Topic: Sewing (02/22/07)

TITLE: Cross-stitching
By Kathy Alvarez
02/27/07



They were actually fairly easy patterns to follow, as the stripes were one color green, blue, or pink; the horse and elephant solid gray. So it was simply a matter of counting how many stitches were needed in each row to create the picture.

With time I advanced into more complicated patterns. One is a cross-stitch picture that I did of an English Springer Spaniel that I even adapted to match the markings of our beloved dog, Matty. In this case, however, the brown is not just one color brown, but a mix of several variations of brown, tan, and white. So rather than being able to go across one row with just one color there are, for example, two stitches of one shade, one stitch of another, three stitches of a third, etc., to create the shading. Very similar to paint-by-number only you end up with all these threads hanging from the back of the piece.

Through experience and exposure to others' work I learned what makes a quality cross-stitch piece was not just how it looked from the front, or outside, but how neat it was on the inside...the part unseen when framed. There is a technique to 'carrying' the threads, weaving them in such a way that the back of the piece is as smooth as the front. Some people never learn this technique, or don't bother, and while their work looks wonderful on the outside, turn it around and it's a jumbled mess. Framers and others familiar with cross-stitch notice this, and I wanted not only to be proud of my work in their eyes, but to have the satisfaction of knowing I did the job well.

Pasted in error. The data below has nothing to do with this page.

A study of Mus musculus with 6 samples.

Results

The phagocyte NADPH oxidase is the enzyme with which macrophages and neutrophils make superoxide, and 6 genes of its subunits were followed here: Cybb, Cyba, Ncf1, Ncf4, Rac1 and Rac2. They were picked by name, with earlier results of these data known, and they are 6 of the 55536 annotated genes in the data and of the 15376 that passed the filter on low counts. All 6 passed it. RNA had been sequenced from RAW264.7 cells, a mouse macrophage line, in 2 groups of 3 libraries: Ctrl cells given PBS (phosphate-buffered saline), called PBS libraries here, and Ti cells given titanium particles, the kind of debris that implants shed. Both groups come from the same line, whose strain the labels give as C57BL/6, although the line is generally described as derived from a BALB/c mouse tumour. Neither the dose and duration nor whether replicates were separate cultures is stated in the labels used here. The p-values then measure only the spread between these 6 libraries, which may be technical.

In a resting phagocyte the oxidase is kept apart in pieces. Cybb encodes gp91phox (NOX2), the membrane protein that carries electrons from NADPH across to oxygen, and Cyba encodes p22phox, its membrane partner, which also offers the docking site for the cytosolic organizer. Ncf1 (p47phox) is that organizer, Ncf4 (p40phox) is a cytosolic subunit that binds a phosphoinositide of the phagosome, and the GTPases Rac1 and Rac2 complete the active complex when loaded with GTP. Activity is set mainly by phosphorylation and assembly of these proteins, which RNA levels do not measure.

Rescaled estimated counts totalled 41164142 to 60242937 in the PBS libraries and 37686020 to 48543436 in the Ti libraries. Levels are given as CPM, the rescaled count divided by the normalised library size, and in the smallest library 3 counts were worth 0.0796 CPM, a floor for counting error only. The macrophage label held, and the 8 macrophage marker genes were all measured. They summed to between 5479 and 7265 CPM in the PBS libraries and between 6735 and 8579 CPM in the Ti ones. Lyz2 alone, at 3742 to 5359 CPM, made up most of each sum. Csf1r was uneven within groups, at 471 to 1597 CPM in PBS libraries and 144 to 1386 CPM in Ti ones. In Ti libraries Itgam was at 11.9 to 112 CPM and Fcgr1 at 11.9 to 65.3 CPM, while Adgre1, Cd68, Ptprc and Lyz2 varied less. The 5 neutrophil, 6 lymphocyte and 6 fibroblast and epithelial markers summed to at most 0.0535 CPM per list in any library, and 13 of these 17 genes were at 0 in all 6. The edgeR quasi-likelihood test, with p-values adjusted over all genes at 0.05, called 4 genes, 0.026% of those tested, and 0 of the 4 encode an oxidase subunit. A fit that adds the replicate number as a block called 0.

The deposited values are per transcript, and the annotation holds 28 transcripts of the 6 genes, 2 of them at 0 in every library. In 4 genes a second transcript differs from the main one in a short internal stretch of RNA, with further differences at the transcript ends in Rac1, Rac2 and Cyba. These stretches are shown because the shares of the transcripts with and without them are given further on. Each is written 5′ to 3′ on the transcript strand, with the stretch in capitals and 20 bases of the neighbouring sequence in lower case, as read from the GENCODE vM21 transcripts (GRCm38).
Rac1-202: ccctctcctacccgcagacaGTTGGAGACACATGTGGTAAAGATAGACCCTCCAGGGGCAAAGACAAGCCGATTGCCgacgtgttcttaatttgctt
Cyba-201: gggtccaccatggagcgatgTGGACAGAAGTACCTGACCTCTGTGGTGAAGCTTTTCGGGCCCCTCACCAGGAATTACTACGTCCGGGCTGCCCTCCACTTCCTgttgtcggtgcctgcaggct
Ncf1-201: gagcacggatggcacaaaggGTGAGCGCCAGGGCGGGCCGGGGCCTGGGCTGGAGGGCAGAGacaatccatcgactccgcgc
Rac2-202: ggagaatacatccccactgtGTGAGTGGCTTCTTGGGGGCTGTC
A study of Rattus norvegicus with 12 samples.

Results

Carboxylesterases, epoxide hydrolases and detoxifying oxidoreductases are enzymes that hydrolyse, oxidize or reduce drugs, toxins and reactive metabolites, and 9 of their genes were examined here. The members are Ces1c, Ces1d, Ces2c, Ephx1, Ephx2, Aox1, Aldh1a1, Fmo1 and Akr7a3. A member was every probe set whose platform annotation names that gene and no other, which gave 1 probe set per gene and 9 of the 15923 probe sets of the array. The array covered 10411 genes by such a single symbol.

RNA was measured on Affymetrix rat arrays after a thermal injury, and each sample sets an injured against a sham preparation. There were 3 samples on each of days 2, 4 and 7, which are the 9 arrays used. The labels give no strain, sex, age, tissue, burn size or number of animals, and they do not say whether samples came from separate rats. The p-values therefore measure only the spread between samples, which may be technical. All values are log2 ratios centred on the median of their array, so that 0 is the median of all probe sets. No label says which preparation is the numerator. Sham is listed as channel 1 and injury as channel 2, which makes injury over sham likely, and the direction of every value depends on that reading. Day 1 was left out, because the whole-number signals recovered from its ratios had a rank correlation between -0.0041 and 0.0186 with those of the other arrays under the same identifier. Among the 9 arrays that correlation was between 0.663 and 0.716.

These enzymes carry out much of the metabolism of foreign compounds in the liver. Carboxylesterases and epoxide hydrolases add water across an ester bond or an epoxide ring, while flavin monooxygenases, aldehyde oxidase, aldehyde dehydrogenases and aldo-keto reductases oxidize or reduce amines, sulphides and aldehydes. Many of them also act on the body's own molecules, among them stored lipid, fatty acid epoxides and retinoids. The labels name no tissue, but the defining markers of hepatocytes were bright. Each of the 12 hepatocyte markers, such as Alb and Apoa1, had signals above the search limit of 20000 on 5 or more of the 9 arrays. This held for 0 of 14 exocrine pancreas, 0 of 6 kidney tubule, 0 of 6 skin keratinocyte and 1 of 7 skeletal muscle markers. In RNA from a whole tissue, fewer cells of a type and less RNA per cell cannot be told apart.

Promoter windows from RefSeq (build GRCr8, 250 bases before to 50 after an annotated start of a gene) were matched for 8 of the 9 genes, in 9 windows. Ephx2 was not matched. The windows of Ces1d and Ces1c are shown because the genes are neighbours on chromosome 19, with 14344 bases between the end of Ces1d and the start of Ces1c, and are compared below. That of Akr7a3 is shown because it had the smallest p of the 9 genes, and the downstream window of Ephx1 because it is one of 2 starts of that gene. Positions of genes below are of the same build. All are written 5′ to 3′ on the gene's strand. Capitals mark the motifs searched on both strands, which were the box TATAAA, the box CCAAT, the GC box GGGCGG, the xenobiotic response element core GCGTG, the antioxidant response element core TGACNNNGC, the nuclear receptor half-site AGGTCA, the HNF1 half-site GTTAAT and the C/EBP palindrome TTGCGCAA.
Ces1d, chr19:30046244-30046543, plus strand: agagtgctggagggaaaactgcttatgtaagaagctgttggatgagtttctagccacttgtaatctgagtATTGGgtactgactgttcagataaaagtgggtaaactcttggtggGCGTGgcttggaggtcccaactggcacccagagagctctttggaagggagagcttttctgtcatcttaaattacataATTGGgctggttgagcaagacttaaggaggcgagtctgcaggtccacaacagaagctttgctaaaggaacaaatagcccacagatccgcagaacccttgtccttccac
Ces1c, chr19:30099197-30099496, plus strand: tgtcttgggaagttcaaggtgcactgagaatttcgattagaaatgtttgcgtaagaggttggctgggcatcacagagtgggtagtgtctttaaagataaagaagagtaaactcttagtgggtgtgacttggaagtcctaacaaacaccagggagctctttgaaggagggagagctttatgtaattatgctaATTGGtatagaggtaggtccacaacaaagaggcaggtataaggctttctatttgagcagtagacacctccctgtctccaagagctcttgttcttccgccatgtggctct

Even with this knowledge there were times I made mistakes...threads would knot, I'd use the wrong color, perhaps miscount the stitches needed. Sometimes I'd have to correct the mistakes, other times my experience gave me the ability compensate in some way for the mistake so that it wouldn't be noticed. Each cross-stitcher has their own 'signature', created by the tension they use in their sewing. Also, no two pieces are alike in that each person will have made their own 'mistakes', varying the original pattern to some small degree.

As is often said, our lives are works in progress. With time more threads are added to the picture to create the shadings of life. Like the cross-stitch pictures I sew, knots occur, mistakes are made, the pattern isn't always followed exactly. Yet we have the confidence that through Christ the final picture will be one framed in beauty and perfection, each unique, both on the outside and the inside.


Member Date
Jacquelyn Horne03/02/07
Yes, learning to be particular is important in our sewing and also in our lives. Good pov.
Joanney Uthe03/08/07
Great message. I like the image of God framing our lives, mistakes and all, and seeing them as beautiful. Well done.